What is the 9/11 legacy for business and general aviation?

911-blogs1.gifBy Kate Sarsfield, Business and General Aviation Editor

I remember the tragedy of 9/11 unfolding before my eyes.  I was sitting heavily pregnant in the office, glancing casually at the TV in the corner of the room.  My nonchalance turned to horror as I watched an airliner plunge into the North Tower of New York’s iconic World Trade Centre. Before I had time to gather my thoughts, a second aircraft hit the South Tower. There were cries of disbelief from my colleagues. We all watched transfixed as the tragedy continued to play out in front of us.  I will never ever forget the horrifying images of people falling 1000′s of ft to their deaths and the sight of the towers – packed with innocent people – crumbling to the ground.

It did not occur to me at first that this calamity was an act of terrorism – it was incomprehensible that someone would be prepared to commit mass murder on such a scale. How naive I was.

Of course. The repercussions of the terrorist attack reverberated throughout the business and general aviation community. While corporate/charter aircraft movements escalated in the aftermath of the attacks -boosted by throngs of anxious, wealthy individuals turning their backs on the airlines – the industry became one of the many scapegoats for the US government.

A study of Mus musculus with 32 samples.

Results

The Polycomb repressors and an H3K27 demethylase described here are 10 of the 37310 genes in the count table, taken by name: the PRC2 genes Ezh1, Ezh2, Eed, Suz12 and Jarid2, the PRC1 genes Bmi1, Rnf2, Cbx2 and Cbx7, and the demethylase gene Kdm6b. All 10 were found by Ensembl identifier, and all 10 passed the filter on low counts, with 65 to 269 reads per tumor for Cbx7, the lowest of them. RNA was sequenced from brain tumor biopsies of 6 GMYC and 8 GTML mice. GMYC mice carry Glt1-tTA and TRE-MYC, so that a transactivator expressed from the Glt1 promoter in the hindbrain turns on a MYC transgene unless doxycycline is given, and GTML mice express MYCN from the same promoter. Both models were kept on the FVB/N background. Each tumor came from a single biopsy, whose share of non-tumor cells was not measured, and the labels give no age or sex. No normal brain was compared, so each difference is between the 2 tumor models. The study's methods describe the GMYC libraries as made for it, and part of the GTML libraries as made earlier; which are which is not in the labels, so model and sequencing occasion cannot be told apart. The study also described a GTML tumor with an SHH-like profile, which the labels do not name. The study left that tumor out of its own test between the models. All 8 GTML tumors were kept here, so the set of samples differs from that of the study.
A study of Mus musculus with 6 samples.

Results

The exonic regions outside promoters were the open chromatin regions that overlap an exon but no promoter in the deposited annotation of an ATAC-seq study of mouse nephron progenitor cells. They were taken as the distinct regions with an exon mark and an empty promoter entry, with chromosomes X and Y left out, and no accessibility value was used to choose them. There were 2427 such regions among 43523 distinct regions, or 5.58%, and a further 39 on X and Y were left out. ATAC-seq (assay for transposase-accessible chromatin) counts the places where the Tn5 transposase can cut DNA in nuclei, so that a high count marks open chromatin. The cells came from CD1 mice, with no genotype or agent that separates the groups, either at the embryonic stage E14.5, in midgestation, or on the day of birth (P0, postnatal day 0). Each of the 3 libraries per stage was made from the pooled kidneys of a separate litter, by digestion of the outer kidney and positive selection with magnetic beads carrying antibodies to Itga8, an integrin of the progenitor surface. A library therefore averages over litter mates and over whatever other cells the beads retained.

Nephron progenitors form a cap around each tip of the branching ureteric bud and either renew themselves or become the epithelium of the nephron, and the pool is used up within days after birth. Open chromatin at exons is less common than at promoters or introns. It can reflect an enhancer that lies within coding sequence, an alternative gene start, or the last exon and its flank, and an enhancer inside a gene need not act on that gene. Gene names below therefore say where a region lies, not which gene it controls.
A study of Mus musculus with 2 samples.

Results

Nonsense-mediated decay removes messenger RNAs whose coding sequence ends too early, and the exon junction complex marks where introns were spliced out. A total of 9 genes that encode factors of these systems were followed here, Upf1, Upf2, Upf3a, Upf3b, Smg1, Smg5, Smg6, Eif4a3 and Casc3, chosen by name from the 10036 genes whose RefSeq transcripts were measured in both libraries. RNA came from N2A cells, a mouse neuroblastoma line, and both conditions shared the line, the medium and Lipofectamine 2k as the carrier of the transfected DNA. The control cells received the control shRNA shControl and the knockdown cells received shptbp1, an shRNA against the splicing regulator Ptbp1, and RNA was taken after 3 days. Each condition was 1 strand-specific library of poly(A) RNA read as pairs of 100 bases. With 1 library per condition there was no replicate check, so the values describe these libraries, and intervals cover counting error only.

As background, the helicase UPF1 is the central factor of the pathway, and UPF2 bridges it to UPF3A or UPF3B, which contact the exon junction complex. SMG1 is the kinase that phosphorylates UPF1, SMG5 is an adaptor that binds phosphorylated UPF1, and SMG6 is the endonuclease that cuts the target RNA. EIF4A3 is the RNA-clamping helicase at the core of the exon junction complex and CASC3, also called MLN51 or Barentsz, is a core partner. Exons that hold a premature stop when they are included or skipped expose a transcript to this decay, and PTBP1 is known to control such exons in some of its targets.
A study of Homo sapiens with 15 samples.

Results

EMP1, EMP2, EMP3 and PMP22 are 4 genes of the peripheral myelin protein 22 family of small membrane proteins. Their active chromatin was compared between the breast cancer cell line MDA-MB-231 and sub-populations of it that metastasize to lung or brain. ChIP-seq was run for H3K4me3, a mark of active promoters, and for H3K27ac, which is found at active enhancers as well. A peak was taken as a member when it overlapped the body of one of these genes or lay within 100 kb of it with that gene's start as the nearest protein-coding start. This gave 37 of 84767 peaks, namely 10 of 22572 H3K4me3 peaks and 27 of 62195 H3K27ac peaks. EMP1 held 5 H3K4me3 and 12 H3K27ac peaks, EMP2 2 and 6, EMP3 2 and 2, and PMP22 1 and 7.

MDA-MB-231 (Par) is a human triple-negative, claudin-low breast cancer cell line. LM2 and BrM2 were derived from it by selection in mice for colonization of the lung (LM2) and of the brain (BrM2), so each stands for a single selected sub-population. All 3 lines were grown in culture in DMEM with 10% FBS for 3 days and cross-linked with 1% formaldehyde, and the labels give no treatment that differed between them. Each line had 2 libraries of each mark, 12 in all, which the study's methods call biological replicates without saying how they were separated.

Fearful that terrorists could use business and light aircraft as a weapon for another massacre, US authorities promptly imposed a ban on all visual flight rules (VFR) flights within Class B airspace and introduced a plethora of Temporary Flight Restrictions across the country.  These measures led the grounding of thousands of light aircraft many of which were still banned from flying weeks after their commercial counterparts were allowed to resume operation.  As a result, many GA business -  including flight schools – suffered hefty financial losses, which forced the closure of some companies.  

The industry was (and remains) fully aware of its vulnerability as a terrorist tool and a target for unwanted government attention. To head off potentially unworkable and costly regulations – the business and GA community drew up and adopted a host of safety and security measures designed to positively identify pilots and passengers and prevent unauthorised use of private aircraft.  We will never know whether these measures have deterred would be terrorists from using a business or general aviation aircraft to inflict mass casualties, but this industry will continue to be vigilant and security conscious as long as the threat of terrorism remains.